The Canning Stock Route 

The Good the Bad and the Awesome (Part 2)

Canning Critters
The desert was absolutely alive with birds. This was the result of above average rainfall earlier in the year sparking prodigious plant growth and flowering. Huge swathes of spinifex seed heads attracted thousands of budgies who put on incredible aerial displays. A multitude of honeyeaters gorged themselves on the prolific flowers of the honey and holly grevilleas.

In the sand you could see the tracks of the mostly nocturnal animals and insects. While there still seem to be plenty of insects and lizards in the desert, the lack of any larger native animals had me cursing the introduction of cats and foxes. Mala, possums, bandicoots and bilby are just a few of the animals that have been decimated by predation from these introduced pests. 

Dingoes were most evident from their tracks and calls in the Northern half of the Canning. At Well 24, a curious and unconcerned dingo made off with some unsecured plastic bags, obviously knowing that humans equal food. Unfortunately for her, all she got was some cooking utensils and a toilet seat! Maybe because of her failure to find food at our camp, this dingo proceeded to howl just beyond our camp fire light as soon as it was dark and was soon joined in song by her friends. Some of my companions found the howling a bit unnerving, but I reminded them that dingoes don’t have thumbs — so they can’t unzip your tent! 

Of course you can’t talk about the Canning without mentioning camels. While they are also an introduced species, there is something about their history and seeing them in the desert that adds to the romance and remoteness of the experience. 

A long Time Between Drinks 
While Track Care WA has done an amazing job restoring wells and providing toilets along the Canning, it is still a long way between reliable, usable water sources. Up to date information should be sought on this because things change all the time in the desert. Make sure you carry plenty of drinking water and have the ability to treat the bore water when you run out.

Your vehicle needs to drink too. We fuelled up in Wiluna at the start of the track, refuelled at Parnngurr (pronounced Bung-oar), a community 80kms from Georgia Bore about 760kms later. Refuelling here takes away the need for the fuel dump at Well 23 and there is an excellent side trip to the Desert Queen Baths in Rudell River NP. Kunawarritji was our next fuel another 350kms up the track (and had a shower for $5 — ask at the shop) and finally in Billiluna after another 700kms or so, just before we hit the Tanami and headed for Alice. 

It is important that you work out distances and fuel consumption for yourself before setting out. Bear in mind that there are a lot of side tracks you might take, the sandy country will suck a lot of fuel, and you may need extra in case of emergencies.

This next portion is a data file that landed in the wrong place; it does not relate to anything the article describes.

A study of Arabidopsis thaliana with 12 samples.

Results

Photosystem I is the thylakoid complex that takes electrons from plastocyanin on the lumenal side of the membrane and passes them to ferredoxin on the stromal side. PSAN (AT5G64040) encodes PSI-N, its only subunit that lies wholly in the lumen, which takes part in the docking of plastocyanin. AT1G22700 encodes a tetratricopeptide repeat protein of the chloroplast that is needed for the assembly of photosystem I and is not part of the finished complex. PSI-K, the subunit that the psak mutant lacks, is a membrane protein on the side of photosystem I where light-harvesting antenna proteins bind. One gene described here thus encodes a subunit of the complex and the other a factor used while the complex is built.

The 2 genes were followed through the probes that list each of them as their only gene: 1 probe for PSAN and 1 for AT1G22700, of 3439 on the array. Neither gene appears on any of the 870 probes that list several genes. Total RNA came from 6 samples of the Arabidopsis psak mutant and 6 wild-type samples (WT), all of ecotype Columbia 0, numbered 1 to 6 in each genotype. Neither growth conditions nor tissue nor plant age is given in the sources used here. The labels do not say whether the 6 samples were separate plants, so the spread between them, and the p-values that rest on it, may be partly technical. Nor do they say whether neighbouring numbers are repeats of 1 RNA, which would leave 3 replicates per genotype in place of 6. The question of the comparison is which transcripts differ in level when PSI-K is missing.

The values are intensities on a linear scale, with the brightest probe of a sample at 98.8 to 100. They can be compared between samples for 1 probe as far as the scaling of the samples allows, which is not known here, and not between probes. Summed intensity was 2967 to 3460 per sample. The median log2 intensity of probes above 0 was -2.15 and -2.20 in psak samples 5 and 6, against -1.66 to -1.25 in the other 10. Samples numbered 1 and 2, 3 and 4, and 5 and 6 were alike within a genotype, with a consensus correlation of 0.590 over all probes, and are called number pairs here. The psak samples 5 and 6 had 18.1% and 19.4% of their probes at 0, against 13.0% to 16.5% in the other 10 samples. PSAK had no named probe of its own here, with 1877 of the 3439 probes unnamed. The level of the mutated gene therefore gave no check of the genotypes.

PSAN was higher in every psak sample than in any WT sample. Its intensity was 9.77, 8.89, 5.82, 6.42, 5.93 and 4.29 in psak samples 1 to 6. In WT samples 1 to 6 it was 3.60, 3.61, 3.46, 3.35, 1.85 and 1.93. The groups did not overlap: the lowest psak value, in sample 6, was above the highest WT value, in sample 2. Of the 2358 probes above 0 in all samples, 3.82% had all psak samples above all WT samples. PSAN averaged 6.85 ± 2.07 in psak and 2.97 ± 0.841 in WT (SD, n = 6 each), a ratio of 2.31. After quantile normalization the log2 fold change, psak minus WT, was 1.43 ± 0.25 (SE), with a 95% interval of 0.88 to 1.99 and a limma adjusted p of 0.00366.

How Bad are the Corrugations? 
Everyone has heard about the Canning’s infamous corrugations. How bad they are is subjective. It really depends on what you have to compare them to. That’s why I never take any notice of what other people tell me about track conditions. In saying that, the worst stretch for me was from about 20km South of Kunawarritji to 30km North. 

There were a lot of other corrugations too and plenty of lumpy moguls on the dune approaches and descents that have your vehicle swaying violently from side to side. But they are part of the experience. Part of the remoteness of the track. Like a bumpy badge of honor. 

Track Travellers and Radio Chatter 
On the whole, the other travellers we met on the track were friendly and courteous. We leap-frogged several people up the track and got to know some quite well. I’m sure that some of the oncoming vehicles’ occupants probably rolled their eyes when confronted by nine vehicles in convoy, but I very much appreciated them making way when possible.

When in convoy, we always try our best to have our customers do the right thing. Constant communication with our group is important. I run two radios in my vehicle. One on Ch16 to talk to our group and one on Ch40 to listen for oncoming traffic and periodically broadcast my whereabouts. 

Something that drove me bonkers on the trip was listening to inane chatter on Ch40 from other groups. Often I was unable to get a word in as people chatted away about nothing in particular. It would be a simple matter for group leaders to have a 5 watt handheld radio (or a second base set) on Ch40 to coordinate dune crossings and leave the mind-numbing chatter for a private channel. 

The best bits 
The Canning will keep you guessing. I’ve been to some amazing places before and seen incredible landscapes but I’ve never known somewhere so full of surprises. Maybe this is because the track is so long, but it is incredible how diverse and changeable the desert is. It’s not all sand dunes, that’s for sure.

Do your homework and preparation before venturing onto the Canning. Otherwise you will leave it limping home, sad and dejected with your tail between your legs. 

Yes, the Canning is rough and corrugated, long and relentless, punishing on vehicle and body, but that’s not what I will remember most. What I will remember is the red of the dunes, the dingoes and camels, camping amongst the dunes, the prolific wildflowers, animal footprints in the sand, the swarms of birds, the amazing sunsets and sunrises, the brilliant stars, the shining spinifex seed heads, the lakes, the water, the quietness of the night and how absolutely remote it makes you feel.